By Emilienne Magali. Floor Plan. Published at Sunday, March 18th, 2018 - 09:33:28 AM.
Many of us dream of building a new home or changing an existing house to make it truly “ours.” With a bit of practice the secret language of architectural plans will become clear and the surprises that sometimes come from misunderstanding plans will be replaced by the joy of seeing a personal, imagined experience become real. When reviewing prospective contractors' reference projects, ask if you can review the plans and see how the space compares. Carry a tape measure and note the dimensions of rooms that “work” and those that feel wrong. Pay attention to the placement of windows for light and views. It is fun and a with a little practice you will be able to “read” a floor plan like a pro.
This is extremely important. Think about your site and how the plan should be oriented on it to make the best use of outdoor space and sunshine/shade. It shows how the house wraps around the yard containing large deck and pool. You can see how the main living space and master suite connect to this outdoor space.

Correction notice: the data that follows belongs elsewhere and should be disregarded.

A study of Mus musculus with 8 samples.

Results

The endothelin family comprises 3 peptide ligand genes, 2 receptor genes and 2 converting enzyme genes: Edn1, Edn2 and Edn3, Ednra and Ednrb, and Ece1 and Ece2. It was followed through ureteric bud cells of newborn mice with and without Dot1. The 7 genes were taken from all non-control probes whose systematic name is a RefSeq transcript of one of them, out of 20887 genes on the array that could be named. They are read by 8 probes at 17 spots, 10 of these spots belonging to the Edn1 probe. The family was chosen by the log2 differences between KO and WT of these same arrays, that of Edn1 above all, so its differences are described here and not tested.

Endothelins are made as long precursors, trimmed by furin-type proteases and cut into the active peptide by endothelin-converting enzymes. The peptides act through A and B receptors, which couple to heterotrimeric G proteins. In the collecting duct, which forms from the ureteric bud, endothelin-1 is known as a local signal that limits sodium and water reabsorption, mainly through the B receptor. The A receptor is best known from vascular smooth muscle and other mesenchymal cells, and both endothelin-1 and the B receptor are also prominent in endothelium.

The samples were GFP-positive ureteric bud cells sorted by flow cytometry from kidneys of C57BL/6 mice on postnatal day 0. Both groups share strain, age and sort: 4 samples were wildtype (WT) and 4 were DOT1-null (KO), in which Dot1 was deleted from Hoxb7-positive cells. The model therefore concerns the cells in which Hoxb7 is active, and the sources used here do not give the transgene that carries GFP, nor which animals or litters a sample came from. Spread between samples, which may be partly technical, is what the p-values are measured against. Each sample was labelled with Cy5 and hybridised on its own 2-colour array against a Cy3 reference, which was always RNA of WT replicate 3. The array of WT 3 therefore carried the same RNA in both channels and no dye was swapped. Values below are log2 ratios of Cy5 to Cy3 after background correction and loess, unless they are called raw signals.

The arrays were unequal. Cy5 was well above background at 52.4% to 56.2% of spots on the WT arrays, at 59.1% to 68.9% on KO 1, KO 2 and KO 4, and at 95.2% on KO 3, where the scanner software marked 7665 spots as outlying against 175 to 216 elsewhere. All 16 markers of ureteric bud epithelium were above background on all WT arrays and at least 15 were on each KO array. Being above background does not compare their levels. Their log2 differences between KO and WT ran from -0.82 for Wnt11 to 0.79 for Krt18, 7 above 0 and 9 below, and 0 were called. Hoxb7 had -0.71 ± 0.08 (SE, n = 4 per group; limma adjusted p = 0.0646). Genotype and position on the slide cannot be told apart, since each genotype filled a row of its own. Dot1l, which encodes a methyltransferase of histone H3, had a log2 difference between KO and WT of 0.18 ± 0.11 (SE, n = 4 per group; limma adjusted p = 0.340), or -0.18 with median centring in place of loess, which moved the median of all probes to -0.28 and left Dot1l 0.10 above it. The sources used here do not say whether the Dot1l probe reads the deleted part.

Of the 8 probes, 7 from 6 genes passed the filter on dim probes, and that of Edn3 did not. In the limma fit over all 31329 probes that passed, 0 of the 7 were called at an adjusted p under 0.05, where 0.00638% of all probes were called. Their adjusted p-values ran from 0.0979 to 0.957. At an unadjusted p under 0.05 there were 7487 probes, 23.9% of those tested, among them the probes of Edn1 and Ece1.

Floor plans used to be called “blueprints.” They came in a roll and included all of the details required to build (or change) a home. Today, they still contain “building instructions” in the form of multiple pages of drawings, but most house plan are delivered as digital files and can be viewed on a screen or printed out onto regular paper for review, to get bids, or to submit for permits.
This one-story, two bedroom home was originally designed for a walkout lot, so it included a plan for a finishes basement that has 2 additional bedrooms, a full bath and a large family room. The vaulted ceilings throughout the main body of the house make it feel larger than its compact footprint. Even though small, the home still features a generous mud room off the kitchen and a main level laundry which can also be built as an office/crib room off of the master bedroom when the laundry is located in the mud room. A row of transom lights at the high point of the roof bring in daylight that filters through to the bedroom via a translucent plastic transom at the tall side of the bedroom walls.